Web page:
Although buildings rise for numerous other faculties at the University of Victoria, the administration has no immediate plans to construct any for the Faculty of the Humanities; however, crumbs do fall, since Humanities gets assigned the vacated space of other faculties. Nevertheless, the faculty remains rich in many other ways—one of its treasures, the Lansdowne Lectures, has brought outstanding scholars to UVic for over 30 years. At a recent GRS gathering for Ian Morris, the most recent Lansdowne recipient, the conversation turned to modern portrayals of ancient Greece and Rome. Due to the labours of scholars, such as Keith Hopkins, moderns have a much more comprehensive view of ancient Roman society. Gritty productions, such as HBO’s Rome, have supplanted Sword-and-Sandal epics and portrayed the city’s eastern lavishness:
From every land and sea are brought the fruits of each season, whatever all the farms and rivers and lakes produce, by Greek or barbarian techniques. It follows that, if anyone wishes to behold all these things, he must travel the known world to gaze on them—or he must be in Rome (Aelius Aristides, To Rome 10–11).
The lowest estimate has India, China, and the peninsula of Arabia removing from our Empire each year some 100 million sestertii. That is the price our luxuries and our wives cost us (Pliny, Natural History 12.84). (Both translations from Greek and Roman Technology, p. 494–5).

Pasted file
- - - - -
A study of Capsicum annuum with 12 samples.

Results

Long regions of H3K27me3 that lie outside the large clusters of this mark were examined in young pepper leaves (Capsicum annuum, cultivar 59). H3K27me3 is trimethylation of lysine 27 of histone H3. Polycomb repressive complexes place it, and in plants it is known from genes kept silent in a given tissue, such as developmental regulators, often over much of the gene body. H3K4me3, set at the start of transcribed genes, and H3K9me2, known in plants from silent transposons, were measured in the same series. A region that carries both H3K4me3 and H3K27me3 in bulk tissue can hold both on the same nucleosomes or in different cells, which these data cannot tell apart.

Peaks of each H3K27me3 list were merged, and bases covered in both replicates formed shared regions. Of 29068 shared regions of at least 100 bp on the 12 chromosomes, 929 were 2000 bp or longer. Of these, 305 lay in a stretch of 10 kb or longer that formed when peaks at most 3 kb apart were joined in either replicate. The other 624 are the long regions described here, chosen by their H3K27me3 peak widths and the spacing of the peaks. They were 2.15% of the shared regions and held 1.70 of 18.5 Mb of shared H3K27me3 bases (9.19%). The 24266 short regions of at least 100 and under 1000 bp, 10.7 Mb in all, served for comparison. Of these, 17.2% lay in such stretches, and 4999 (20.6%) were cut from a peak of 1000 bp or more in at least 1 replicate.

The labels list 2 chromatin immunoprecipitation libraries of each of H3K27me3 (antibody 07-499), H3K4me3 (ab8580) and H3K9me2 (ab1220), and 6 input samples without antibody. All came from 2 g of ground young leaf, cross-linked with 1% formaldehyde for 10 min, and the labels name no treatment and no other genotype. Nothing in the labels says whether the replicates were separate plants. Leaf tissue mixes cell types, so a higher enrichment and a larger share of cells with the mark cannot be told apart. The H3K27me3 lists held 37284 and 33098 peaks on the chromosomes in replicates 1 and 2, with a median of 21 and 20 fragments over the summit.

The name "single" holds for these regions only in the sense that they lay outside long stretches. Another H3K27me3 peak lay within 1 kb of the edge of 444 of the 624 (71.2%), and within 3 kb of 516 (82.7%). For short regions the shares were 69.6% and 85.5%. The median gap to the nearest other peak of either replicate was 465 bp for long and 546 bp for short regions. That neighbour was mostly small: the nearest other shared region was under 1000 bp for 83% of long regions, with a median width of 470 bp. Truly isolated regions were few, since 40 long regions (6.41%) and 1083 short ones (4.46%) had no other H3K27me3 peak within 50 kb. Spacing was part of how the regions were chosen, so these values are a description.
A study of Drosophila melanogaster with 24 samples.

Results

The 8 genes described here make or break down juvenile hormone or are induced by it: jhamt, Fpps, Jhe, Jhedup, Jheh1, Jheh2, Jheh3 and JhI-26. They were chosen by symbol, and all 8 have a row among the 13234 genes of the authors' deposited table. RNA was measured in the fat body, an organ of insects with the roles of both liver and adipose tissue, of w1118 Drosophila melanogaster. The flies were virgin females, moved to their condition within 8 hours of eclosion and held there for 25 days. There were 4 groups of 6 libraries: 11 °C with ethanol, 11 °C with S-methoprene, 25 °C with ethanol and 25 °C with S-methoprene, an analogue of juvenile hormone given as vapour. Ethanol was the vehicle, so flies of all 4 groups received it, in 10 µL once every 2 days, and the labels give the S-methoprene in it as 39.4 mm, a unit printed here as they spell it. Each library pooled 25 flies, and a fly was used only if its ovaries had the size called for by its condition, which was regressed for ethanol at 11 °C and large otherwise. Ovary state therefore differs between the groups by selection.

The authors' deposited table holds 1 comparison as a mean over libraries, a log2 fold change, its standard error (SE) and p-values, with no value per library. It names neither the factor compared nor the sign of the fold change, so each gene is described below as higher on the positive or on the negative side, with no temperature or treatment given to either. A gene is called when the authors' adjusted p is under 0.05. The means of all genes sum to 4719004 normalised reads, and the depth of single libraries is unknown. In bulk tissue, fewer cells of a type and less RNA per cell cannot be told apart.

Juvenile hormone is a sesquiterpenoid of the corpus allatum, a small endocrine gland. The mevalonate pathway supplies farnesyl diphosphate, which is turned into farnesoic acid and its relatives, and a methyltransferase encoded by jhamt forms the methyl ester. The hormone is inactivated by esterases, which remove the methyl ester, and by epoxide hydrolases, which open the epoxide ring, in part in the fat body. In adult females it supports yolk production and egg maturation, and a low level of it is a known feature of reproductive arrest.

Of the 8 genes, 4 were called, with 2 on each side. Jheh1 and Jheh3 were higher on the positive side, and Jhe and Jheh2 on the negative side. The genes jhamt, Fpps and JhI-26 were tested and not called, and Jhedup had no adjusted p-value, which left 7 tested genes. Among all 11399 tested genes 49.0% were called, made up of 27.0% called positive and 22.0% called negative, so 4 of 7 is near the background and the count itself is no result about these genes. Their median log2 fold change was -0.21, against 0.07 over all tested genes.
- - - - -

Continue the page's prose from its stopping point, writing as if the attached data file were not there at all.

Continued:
Nevertheless, the same cannot be said for ancient Greece: modern society still view this culture through the clean crisp lines of fluted columns. Sanctuaries (the focus of my research) were lively gathering places that fulfilled a variety societal functions: exhibition, mediation, and protection; furthermore, Greek democracy comprised a series of public oaths, duties, and oratories.
One exception, however, is modern portrayals of Greek drama. Ground breaking productions, such as The Gospel at Colonus have led the charge and scholars, such as Helene Foley, who requires senior students to produce a play themselves, have supported these productions. Over the years, UVic’s Phoenix Theatre has produced a number of Greek tragedies and comedies, and garnered abundant praise for their efforts. Euripides’ Medea, their latest offering, stunned audiences.
Not only did modern events, such as a father murdering his five children, make the play extremely relevant, but the play was stellar from the foundations. Linda Hardy, the director, embraced Euripides version of the myth in which Medea murders her own children to spite Jason. The changes the director made to the text were sensible, such as expanding the role of the tutor and adding a nurse. The stage designers also excelled, creating a functional and mystical setting:
The choreography successfully integrated the chorus with the rest of the cast. The chorus itself, consisting of vocalists specialized in various genres, scintillatingly oscillated between screams, hums, and cries. Lastly, and most deserved of praise, the actors, in particular Katie Takefman who played Medea, provided the audience with an emotional/philosophical roller-coaster ride that evoked the cathartic intention of ancient Greek tragedy.